To promote social distancing through the pandemic, NJ Transit, along with other commuter agencies, implemented a policy of running trains at 50% of passenger capacity.
According to reporting by nj.com, NJ Transit announced that it’s light rail vehicles, buses including private-carrier buses and Access Link vehicels, and trains can now run at full capacity, and began doing so at 8:00 p.m. yesterday (Wednesday) evening. However, all passengers and staff members are required to wear face masks. All of this was brought about by an executive order signed Monday by New Jersey Gov. Phil Murphy.
Gov. Murphy said during a cornavirus briefing in Trenton that “As we have undertaken our restart and recovery, and as more New Jerseyans begin getting back to their jobs, we are seeing increases in ridership which are beginning to approach 50% of the stated maximum capacity of these vehicles, and we want to ensure that people are able to get to their jobs and that the system continues operating as efficiently as possible.”
Murphy added that face coverings will be required at all NJ Transit at all outdoor stations where social distancing “is not practicable” along with private-carrier indoor stations and NJ Transit indoor stations.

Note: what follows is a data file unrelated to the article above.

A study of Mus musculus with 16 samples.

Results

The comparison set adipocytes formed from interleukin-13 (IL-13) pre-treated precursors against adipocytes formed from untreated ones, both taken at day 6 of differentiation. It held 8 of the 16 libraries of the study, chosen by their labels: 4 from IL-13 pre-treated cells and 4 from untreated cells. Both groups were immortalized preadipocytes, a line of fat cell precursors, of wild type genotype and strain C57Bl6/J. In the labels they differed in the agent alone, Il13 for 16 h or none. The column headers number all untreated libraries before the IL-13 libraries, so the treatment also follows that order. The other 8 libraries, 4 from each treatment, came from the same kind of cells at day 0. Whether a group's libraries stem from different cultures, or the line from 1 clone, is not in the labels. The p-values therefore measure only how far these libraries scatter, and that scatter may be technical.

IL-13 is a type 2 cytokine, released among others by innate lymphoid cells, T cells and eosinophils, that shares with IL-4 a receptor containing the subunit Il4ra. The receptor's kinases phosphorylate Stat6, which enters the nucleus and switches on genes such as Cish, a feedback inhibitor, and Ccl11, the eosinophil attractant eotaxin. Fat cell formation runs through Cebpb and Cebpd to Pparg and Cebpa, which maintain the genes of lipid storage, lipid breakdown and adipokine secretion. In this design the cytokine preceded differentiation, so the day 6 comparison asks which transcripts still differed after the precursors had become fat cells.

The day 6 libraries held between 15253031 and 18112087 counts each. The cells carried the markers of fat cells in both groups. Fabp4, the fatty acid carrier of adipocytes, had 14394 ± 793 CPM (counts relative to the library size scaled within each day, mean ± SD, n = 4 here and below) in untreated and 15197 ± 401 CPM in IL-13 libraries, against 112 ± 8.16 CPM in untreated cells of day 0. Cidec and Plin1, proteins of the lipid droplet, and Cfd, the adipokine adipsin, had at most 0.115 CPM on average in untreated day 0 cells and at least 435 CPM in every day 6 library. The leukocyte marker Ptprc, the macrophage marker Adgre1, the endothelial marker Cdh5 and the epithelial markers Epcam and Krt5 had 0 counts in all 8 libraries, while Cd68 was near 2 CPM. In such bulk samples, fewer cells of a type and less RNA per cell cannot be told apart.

Gov. Murphy also said “Do it for yourself and do it for your fellow riders, do it for the men and women who are making your trip possible. Make sure your mask covers both your mouth and nose – no chin guards by the way. And, if a transit employee asks you to mask up, they’re doing their jobs, please be respectful to them and your fellow passengers.”
Murphy added that he believes rush hour will fill vehicles to their maximum capacity, but this will not occur during non-rush hour times.
New Jersey Coronavirus Status
On Monday of this week, New Jersey reported 22 additional COVID-19 deaths and 231 additional positive cases. New Jersey has had 15,560 deaths – 1,947 considered probable and 13,613 confirmed in a lab since March 4, when the first case was announced.
New Jersey saw its number of daily coronavirus numbers drop significantly since peaking in April, and they’ve been pretty steady over the past few weeks as significant outbreaks occur in other parts of the U.S.
As in other parts of the country, the coronavirus has hammered employment opportunities, and over 1.3 million people in New Jersey have applied for unemployment insurance benefits.